One of the most frustrating things about recycling is the rules around recycling vary so much from community to community. One county may have a permanent electronics recycling collection center, while another may rely on occasional collection events. One community may have plastic bag collection bins everywhere, while in a neighboring town you have to hunt all over for them. What can you do to demand that your community recycle more? Here are several ideas.
Learn everything you can about recyclingIf you’re going to start advocating for something, it’s always a good idea to learn as much as it as possible. Make sure you have a good understanding of how your community’s recycling programs work and what resources are available. If your waste management organization offers a Master Recycler class, take it. The Institute for Local Self-Reliance has some great resources that describe how communities increased their recycling rates or even started moving toward zero waste. It helps to know a little about how waste management and recycling systems work. For example:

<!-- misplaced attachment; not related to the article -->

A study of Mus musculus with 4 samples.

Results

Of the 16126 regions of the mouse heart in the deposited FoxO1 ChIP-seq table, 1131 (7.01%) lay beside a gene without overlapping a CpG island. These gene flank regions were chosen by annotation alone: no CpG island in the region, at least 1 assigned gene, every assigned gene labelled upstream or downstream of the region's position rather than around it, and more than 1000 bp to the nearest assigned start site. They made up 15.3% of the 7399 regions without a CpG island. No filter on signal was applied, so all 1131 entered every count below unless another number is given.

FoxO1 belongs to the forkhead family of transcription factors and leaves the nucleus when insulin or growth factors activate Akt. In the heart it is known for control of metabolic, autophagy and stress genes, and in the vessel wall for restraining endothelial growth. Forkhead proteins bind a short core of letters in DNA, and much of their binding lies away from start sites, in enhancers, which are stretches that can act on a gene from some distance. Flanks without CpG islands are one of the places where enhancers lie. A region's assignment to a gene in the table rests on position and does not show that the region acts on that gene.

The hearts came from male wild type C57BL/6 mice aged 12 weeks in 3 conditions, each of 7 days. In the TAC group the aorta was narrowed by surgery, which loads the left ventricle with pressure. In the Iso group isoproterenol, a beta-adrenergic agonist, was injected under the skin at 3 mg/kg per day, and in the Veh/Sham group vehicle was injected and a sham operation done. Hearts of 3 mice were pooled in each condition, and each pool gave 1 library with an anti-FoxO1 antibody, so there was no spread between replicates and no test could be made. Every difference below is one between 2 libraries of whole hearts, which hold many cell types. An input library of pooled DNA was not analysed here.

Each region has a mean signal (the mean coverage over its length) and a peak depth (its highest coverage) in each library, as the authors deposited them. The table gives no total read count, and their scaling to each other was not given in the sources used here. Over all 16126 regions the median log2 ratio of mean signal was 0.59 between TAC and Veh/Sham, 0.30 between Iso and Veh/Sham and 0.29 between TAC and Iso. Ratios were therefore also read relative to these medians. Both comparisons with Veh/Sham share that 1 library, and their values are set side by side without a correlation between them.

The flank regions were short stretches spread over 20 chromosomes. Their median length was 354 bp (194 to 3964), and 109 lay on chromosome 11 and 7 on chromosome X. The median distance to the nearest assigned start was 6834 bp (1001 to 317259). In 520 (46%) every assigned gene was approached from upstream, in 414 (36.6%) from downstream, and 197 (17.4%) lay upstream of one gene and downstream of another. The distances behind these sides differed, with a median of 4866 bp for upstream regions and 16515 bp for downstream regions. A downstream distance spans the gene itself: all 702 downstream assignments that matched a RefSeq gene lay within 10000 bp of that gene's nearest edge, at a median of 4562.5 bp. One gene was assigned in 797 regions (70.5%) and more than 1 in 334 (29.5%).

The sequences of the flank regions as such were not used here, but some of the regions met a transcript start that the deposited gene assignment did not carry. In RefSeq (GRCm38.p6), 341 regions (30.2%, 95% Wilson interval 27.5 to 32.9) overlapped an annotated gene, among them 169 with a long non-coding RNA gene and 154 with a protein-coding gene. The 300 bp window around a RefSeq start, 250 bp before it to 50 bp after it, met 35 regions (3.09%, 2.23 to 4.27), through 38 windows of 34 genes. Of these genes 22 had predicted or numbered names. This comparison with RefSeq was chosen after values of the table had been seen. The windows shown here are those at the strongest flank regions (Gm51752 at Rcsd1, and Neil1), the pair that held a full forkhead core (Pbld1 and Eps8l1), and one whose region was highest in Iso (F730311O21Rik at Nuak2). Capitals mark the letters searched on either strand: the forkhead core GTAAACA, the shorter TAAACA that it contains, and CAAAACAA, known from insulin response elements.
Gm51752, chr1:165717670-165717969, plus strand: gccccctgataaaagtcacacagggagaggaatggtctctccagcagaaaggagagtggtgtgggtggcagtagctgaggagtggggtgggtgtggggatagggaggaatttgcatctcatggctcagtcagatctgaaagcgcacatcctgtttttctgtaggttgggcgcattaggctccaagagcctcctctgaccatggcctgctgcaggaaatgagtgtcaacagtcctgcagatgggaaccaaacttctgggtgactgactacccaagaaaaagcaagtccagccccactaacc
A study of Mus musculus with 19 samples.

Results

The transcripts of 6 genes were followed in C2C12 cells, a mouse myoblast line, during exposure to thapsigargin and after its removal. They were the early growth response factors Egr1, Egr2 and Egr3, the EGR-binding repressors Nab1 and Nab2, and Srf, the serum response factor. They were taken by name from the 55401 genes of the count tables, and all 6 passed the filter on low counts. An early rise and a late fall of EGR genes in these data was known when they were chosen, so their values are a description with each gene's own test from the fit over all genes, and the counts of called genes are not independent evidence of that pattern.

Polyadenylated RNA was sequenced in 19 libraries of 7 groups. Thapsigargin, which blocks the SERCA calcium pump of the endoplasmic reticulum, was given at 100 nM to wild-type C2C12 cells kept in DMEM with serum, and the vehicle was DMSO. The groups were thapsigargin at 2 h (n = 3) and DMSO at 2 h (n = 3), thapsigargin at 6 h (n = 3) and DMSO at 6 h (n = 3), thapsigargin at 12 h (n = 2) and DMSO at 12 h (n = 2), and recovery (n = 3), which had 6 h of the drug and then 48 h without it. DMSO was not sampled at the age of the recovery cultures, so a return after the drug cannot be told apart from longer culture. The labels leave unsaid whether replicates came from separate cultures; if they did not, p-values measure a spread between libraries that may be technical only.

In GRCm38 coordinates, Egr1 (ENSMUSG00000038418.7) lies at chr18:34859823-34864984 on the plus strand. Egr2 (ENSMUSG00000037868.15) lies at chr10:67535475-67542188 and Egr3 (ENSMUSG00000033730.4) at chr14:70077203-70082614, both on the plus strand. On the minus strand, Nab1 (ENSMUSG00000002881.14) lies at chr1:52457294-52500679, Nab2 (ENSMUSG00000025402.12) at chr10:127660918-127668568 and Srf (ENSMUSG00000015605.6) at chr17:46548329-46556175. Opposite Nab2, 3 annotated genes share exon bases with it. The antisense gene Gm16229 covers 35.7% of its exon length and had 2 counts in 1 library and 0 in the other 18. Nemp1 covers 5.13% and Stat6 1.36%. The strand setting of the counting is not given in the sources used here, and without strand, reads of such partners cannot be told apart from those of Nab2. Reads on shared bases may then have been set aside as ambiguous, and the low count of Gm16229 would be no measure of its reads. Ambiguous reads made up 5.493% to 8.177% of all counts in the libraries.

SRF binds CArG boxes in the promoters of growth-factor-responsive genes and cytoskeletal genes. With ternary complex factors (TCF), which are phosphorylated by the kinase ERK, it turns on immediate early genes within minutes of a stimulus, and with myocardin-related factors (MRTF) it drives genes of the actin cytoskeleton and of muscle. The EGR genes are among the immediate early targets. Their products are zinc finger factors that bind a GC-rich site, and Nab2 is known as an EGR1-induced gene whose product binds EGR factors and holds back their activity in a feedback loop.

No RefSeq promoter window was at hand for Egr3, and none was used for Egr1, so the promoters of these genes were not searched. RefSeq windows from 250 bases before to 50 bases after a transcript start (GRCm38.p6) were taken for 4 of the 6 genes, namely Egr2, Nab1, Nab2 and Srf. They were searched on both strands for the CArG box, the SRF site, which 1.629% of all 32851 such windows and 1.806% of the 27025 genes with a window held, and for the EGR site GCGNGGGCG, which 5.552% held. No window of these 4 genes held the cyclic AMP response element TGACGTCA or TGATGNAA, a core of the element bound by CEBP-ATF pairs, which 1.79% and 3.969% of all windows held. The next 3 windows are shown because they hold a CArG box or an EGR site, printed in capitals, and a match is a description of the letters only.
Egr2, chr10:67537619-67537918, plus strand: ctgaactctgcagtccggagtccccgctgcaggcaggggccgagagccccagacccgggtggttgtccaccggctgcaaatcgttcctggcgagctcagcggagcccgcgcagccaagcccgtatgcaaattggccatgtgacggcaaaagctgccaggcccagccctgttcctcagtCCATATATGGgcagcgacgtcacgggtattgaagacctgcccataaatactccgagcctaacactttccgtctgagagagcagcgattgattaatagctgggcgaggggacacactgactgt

- Although trash and recycling is almost always picked up by a private company, that company may have to work within rules set by the county. Your local government may require the hauler to meet a certain recycling rate in order to keep operating in the area. In some places, one hauler gets an exclusive contract to pick up recycling. In other places, you can choose. Going with the hauler that has a better recycling program is one way you can “vote with your dollar” and encourage recycling.
- Building an incinerator is the best way to decrease recycling rates in your community.
- Incinerator operators require a certain amount of waste be burned every year. To meet their contractual obligations, communities often have to divert easy-to-recycle items like paper and cardboard to the incinerator – and away from recycling programs.
- A community’s ability to recycle depends on its ability to send your recyclable products to a company for recycling – hopefully, one that will buy them rather than charging the government to take them away. Because of that, increasing recycling isn’t always as simple as dedicating more money to a problem or changing policies.